School districts in Northwest Florida and across the state are struggling to find certified teachers in several crucial subject areas.

The State Board of Education approved a report last week that details a shortage of certified educators in public schools, mainly in math, science and English. The shortage isn’t exclusive to Florida; it has been affecting the entire country for years.

“I applaud the State Board of Education recognizing a teacher shortage exists,” Santa Rosa County Superintendent of Schools Tim Wyrosdick said. “I would champion the board to begin to ask why.”

The annual report points to issues such as a scarcity of certified teachers in subject areas such as general science, physics and chemistry when compared to fields such as elementary education.

The report also details aspects such as teacher-education programs turning out few science and math teachers.

Wyrosdick said Santa Rosa County is experiencing a teacher shortage in all areas.

“I think a short discussion with current teachers and those who have left this profession would be an eye-opening experience,” Wyrosdick said. “The board would see the effect of some of their burdensome and unnecessary rules.”

Okaloosa County is also feeling the impact. According to Assistant Superintendent Steve Horton, the district has hired 50 new teachers this year in secondary math, English and science.

Of those hired, 13 were hired on a temporary certificate, which means that they have bachelor’s degrees at a minimum but still might have to meet certain assessment and professional development requirements to be fully credentialed.

“Having the military in our county certainly helps enrich the pool of potential teachers, whether it’s retirees or spouses of active-duty military,” Horton said. “Overwhelmingly, we’ve found that they make excellent teachers, and we are fortunate to have them.”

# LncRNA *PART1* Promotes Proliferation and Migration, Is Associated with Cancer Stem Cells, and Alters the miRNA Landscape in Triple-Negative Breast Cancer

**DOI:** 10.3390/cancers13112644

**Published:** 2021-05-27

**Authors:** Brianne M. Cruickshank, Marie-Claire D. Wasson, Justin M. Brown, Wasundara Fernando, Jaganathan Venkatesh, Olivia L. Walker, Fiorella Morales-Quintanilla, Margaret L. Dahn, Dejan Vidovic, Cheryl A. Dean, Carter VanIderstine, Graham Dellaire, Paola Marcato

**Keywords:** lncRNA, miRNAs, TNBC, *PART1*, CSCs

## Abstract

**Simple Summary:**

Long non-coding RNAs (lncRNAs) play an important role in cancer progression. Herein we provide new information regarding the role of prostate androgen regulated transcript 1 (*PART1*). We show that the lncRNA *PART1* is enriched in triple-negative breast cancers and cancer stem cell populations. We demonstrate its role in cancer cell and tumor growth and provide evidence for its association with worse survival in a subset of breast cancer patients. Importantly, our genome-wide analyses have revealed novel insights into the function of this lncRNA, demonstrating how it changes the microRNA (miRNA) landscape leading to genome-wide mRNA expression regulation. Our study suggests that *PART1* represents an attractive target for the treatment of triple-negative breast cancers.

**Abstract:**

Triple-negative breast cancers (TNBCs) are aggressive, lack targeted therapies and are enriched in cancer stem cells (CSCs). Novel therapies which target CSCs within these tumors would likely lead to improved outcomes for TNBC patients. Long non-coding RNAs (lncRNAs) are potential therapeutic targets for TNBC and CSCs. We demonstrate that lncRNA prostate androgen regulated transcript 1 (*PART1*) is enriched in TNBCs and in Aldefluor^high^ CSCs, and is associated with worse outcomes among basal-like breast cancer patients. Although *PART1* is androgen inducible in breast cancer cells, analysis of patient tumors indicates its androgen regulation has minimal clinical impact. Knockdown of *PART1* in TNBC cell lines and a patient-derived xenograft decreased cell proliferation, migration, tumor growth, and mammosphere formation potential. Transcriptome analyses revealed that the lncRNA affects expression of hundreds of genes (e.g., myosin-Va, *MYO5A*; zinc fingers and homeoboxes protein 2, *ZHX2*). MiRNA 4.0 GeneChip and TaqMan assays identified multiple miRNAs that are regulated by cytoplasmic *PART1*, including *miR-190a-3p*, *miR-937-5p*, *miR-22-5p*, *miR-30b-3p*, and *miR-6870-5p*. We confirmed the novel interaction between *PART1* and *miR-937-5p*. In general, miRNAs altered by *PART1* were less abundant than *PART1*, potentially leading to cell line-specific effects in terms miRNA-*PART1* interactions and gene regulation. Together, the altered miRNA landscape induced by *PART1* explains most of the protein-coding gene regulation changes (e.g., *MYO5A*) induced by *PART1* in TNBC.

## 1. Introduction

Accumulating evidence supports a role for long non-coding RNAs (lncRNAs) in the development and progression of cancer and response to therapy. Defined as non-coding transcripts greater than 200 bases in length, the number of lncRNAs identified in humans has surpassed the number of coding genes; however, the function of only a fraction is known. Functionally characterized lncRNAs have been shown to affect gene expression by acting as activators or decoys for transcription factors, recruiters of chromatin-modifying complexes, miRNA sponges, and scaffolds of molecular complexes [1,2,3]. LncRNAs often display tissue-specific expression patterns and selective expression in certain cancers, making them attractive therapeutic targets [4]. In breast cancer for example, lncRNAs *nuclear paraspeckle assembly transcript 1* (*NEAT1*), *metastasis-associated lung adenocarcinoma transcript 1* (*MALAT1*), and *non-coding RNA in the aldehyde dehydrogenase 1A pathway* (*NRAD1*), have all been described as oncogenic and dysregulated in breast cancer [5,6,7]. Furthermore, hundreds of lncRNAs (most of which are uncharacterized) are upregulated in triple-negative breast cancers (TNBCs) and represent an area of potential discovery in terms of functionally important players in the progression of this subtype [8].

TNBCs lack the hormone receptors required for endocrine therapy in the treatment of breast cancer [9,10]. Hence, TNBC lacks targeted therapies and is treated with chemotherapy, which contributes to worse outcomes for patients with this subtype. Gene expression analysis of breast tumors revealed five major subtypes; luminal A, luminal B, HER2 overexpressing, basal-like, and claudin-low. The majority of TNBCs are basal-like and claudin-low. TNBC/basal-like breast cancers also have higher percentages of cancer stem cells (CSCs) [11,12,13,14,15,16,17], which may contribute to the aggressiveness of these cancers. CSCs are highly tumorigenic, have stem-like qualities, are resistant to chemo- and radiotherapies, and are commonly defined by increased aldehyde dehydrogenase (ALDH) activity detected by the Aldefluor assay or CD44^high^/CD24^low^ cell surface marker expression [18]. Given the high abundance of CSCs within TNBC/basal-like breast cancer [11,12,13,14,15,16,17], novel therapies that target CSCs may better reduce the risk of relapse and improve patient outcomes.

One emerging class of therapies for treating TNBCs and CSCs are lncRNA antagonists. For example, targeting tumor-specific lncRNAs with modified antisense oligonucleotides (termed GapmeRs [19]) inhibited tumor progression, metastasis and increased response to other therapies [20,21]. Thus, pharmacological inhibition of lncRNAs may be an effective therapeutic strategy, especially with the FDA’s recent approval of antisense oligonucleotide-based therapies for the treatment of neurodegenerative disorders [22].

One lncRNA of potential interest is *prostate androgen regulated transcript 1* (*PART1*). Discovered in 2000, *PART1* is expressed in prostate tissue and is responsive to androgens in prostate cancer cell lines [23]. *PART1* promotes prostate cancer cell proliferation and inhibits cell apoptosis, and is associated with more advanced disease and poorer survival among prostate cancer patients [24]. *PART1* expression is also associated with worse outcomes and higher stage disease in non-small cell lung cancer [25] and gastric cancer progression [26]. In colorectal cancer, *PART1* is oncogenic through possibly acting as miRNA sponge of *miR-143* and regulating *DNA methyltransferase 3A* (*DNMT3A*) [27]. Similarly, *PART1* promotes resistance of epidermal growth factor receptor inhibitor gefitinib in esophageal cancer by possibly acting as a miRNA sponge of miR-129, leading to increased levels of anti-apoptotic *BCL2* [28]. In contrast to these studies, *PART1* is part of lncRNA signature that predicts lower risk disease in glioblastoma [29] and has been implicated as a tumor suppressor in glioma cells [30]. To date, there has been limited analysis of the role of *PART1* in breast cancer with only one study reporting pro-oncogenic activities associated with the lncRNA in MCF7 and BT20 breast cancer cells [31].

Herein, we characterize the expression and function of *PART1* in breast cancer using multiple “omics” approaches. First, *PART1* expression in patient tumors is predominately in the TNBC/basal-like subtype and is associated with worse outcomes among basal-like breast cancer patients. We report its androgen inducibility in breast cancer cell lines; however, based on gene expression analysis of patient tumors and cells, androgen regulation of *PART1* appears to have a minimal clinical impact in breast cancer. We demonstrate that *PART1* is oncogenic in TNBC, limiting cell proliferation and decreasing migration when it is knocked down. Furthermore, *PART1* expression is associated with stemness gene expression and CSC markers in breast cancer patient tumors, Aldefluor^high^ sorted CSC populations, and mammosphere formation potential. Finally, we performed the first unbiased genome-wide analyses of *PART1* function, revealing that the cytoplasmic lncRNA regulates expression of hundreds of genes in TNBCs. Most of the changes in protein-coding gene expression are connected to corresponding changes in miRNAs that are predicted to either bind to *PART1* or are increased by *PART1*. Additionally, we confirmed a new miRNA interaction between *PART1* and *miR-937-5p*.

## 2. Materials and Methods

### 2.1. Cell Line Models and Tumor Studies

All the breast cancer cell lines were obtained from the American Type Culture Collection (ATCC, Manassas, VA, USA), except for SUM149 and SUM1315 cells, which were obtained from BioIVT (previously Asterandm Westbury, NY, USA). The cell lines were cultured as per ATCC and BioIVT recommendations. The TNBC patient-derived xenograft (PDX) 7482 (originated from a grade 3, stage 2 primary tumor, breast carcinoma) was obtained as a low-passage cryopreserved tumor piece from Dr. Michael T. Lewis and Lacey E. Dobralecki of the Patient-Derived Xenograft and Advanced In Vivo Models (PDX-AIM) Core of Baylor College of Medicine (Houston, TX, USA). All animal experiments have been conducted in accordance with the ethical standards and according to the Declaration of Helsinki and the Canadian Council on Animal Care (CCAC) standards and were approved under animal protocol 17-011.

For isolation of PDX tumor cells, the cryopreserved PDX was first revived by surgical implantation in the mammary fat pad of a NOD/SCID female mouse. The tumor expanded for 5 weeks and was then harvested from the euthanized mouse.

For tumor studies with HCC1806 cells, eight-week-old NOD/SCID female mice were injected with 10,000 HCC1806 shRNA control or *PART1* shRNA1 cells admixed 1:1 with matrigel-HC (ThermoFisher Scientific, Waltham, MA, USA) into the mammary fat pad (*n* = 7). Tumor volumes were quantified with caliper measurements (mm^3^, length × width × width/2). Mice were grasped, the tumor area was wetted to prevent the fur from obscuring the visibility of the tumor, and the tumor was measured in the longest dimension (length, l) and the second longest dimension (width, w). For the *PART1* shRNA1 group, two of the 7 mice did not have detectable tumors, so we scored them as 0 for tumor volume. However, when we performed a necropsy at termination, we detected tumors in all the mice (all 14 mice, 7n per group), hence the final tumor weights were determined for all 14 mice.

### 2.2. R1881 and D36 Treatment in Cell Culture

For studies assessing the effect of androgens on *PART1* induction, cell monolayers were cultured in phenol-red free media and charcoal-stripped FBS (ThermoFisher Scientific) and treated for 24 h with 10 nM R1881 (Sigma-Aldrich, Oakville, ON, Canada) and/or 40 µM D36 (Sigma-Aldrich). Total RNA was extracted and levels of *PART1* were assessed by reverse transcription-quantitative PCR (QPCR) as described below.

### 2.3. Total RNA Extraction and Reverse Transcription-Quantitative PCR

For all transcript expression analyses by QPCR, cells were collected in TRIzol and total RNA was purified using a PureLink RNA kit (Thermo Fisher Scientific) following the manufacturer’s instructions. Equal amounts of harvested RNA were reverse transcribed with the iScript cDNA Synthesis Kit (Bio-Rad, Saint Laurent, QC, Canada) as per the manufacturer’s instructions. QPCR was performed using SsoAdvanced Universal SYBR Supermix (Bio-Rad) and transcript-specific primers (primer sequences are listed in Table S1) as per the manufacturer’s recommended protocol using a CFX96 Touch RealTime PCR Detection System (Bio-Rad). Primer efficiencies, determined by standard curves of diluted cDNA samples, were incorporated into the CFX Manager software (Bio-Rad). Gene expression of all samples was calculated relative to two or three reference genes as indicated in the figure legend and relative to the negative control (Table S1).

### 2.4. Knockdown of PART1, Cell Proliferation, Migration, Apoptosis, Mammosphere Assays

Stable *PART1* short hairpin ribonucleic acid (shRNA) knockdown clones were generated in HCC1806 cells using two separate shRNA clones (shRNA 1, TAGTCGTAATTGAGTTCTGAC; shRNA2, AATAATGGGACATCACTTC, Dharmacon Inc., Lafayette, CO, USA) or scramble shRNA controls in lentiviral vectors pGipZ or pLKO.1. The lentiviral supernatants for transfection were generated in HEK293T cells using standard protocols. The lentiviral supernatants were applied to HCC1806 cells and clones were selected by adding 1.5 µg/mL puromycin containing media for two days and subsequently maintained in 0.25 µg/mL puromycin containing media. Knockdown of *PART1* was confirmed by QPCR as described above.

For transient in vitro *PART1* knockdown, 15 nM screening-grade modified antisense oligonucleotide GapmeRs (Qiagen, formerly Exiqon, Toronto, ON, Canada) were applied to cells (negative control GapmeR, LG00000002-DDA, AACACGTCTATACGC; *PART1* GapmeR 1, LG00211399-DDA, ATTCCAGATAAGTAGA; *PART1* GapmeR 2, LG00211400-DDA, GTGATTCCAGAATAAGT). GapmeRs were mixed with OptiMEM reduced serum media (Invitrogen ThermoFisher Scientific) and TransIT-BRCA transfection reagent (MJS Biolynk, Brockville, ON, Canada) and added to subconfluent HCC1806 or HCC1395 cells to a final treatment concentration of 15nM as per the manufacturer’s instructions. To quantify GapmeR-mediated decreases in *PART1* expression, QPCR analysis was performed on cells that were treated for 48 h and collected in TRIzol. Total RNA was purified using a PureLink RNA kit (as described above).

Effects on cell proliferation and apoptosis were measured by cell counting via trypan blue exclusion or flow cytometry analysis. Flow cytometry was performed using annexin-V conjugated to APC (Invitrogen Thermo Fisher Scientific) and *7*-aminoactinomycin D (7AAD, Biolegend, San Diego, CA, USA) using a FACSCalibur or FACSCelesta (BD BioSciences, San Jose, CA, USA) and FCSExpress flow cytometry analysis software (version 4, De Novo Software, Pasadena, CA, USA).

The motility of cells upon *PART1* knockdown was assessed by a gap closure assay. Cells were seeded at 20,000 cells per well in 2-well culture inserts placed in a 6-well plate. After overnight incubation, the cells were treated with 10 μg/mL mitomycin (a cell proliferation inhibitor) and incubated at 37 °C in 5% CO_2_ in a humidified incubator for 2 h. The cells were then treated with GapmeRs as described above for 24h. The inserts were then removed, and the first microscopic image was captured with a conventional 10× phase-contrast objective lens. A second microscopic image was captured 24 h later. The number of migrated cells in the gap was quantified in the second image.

Walton County isn’t as greatly affected as its neighbors. The School District started off this school year with all but five teacher positions filled.

“We’re finding it more difficult to find those teachers, but we haven’t necessarily experienced a shortage to where we need to have substitutes in those areas,” Superintendent of Schools Russell Hughes said. “But we feel the pain because when we have a position, we have very few applicants.”

According to the state board report, the shortages represent certification areas in which “substantial proportions of teachers who are not certified in the appropriate field are being hired to teach such courses.”

Colleges also are not producing enough teacher education graduates to meet the needs of Florida's growing K-12 population.

The number of teacher candidates from the University of West Florida has diminished significantly, Wyrosdick said. In 2008, Santa Rosa County schools had 57 teachers requesting student teaching experience. There are 13 this year.

The report recommends designation of “critical teacher shortage areas” for the 2019-20 school year. State law requires the shortage areas to be identified annually.

General science is the subject with the largest shortage, followed by English; mathematics; English for speakers of other languages; a physical science category that includes chemistry and physics; reading; technical education; and a broad category of exceptional student education.